Defensible architectures are those that follow a set of specific practices oriented to avoid the shortcomings of classic security architecture. In a classical security architecture, systems are hardened during the design stage and they continue like this thorough the whole life-cycle thus assuming the threat’s modus operandi is constant unlike in a defensible architecture in which the constant threat shifting drives new changes in the architecture, systems and controls.
A system is considered secure when it is cyclically defended with system knowledge, threat analysis and intelligence thorough the life-cycle. These systems are well suited for threat driven defense practices when the knowledge of designers, developers, admins and defenders drives the control posture of that system.
Organizations that align with a threat-oriented defense are usually found in the profile spectrum of NIST Tier 3 and Tier 4. These organizations have systems that are resilient to attacks and cyber architectures that are resilient to changes in attackers modus operandi thus improving the overall organizational resilience against cyber threats. This kind of organizations are concerned with advanced threats such as the APT.
Characteristics of Defensible systems:
There are three distinct characteristics exhibited by defensible systems, visibility, manageability and survivability.
- Visibility: this characteristic is critical for defenders as it provides access to the activity happening in the network, OS and application layer
- Manageability: ensures that the system’s security posture can be sustained over time through administrative activities such as patching, and configuration and security control updates based on new threat intelligence.
- Survivability: allows the system to provide its intended services during attack, compromise, and recovery. It also addresses the ability to withstand lateral movement and support recovery from attack in an assured manner
These three attributes can be aligned to the NIST categories and functions. To achieve these characteristics we have to focus the control efforts in the following functions and categories.
The biggest challenge for an organization to develop and maintaining a defensible architecture is that the engineering, architecture and operational teams must stop working in silos; and all of them become part of the defense team that supports the system thorough the life cycle. Absolutely all of them at different stages during the life-cycle provide input to make the system defensible.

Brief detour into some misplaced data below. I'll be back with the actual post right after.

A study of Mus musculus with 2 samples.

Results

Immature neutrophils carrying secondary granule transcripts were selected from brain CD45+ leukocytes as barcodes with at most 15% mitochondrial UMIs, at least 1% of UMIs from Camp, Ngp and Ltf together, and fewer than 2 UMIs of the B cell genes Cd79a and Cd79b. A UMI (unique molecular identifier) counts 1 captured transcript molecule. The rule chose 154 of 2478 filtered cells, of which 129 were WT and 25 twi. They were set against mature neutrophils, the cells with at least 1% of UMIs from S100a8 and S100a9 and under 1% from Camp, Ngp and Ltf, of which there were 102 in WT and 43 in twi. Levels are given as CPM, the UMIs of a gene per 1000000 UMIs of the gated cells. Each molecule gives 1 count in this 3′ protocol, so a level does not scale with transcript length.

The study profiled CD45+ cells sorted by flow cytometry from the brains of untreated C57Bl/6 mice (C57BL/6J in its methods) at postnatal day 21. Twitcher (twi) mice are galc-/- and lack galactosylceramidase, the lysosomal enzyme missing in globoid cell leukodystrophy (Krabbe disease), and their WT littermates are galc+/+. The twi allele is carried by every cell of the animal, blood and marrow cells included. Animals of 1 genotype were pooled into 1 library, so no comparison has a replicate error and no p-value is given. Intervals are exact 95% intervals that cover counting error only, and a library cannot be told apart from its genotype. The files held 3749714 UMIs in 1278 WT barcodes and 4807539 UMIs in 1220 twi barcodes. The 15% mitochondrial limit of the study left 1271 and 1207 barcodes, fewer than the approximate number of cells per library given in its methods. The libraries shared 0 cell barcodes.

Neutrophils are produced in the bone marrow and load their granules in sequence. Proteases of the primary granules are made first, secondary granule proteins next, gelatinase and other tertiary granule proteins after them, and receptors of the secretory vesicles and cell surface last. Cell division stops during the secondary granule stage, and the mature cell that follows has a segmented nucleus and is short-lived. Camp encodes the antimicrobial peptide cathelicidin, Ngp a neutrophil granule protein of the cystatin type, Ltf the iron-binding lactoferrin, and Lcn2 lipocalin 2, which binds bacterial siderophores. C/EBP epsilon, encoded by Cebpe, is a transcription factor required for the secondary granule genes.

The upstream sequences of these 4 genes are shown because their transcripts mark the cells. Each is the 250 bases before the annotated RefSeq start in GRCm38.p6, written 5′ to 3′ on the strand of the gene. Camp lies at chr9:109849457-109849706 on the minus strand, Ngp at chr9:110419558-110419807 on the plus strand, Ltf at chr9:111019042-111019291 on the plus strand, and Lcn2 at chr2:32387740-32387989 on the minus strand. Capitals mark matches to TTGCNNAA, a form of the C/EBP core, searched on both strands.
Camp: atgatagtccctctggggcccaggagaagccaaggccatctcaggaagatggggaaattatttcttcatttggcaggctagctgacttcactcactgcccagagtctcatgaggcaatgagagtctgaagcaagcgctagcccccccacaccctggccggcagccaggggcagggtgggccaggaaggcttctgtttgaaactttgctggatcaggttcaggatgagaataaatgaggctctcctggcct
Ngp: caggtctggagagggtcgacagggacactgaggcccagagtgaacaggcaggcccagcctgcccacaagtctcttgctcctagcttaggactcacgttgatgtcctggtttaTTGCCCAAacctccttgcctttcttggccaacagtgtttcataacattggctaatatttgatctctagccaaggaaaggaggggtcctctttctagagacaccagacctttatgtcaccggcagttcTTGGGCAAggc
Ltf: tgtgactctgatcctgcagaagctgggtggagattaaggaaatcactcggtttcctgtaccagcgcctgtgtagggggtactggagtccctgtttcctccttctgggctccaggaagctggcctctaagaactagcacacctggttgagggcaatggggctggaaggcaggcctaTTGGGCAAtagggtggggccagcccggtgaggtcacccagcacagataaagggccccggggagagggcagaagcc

Threats – Assets – Controls Relational model
In a threat driven defence model the relational model between threats – assets and controls change from the traditional model. In a traditional model (compliance driven) the main aim is primarily to support architectures for the protection of critical information. In this model, controls are applied to assets, which it is the final goal of the threat however; in a threat driven model to support a defensible architecture controls are applied to the identified threats, attack vectors and vulnerabilities that provide access to the components that contain the assets because threat actors rarely gain direct access to the targeted assets.
In a compliance driven model, we are assuming conventional threats with limited operational capabilities thus controls are applied to the assets unlike in a threat driven model in which controls as explained before, they are applied to the components that provide access to the assets as the threat is considered not conventional and capable of locating assets within the organizations through lateral movement.
In this model when threat intelligence is used as input, the defence teams (Architecture, Engineering & Operations) can identify weaknesses and assess the control effectiveness against specific threats thus improving the system’s security posture. Furthermore, when threat analysis and modelling are introduced into this model, it can uncover areas of potential exposure and controls weaknesses which supports the selection and implementation of new controls.
The threat driven approach is a set built of a methodology, collection of practices and thinking patterns.
In this methodology the ‘discovery’ sections is aligned with the ‘Concept’, ‘Requirement’ and ‘Design’ of the system and the ‘implement’ section aligned with ‘Build’, Test, and ‘Deploy’.
During the discovery phase, assets, threats and attacks are identified, and in the implementation phase threat analysis is done. The results provide input into the controls selection, configuration or upgrade to counter or mitigate the identified threats and attacks.
The methodology above is Lockheed Martin specific but it can be used with different threat models such as STRIDE, STRIDE-LM (STRIDE Lateral Movement) or even ATT&CK and Cyber Kill Chain.
Defensible architectures allow organizations facing advanced cyber threats to react to threat shifting increasing their cyber resilience. The changes in the threat’s TTPs are translated into new signatures and updates, infrastructure and architectural pattern changes to reduce and improve the threat surface. This is achieved leveraging threat intelligence and threat analysis techniques within the strategic, operational and tactical levels.
Defensible architectures make use of cyber resilience techniques but threat intelligence and analysis are paramount to achieve a defensible architecture.
In summary an organization that is supported by a defensible architecture can survive and continue operating under an advanced cyber-attack. It also provides a framework to make inform decisions and justify the deployment of new security controls and updates to counter the threat.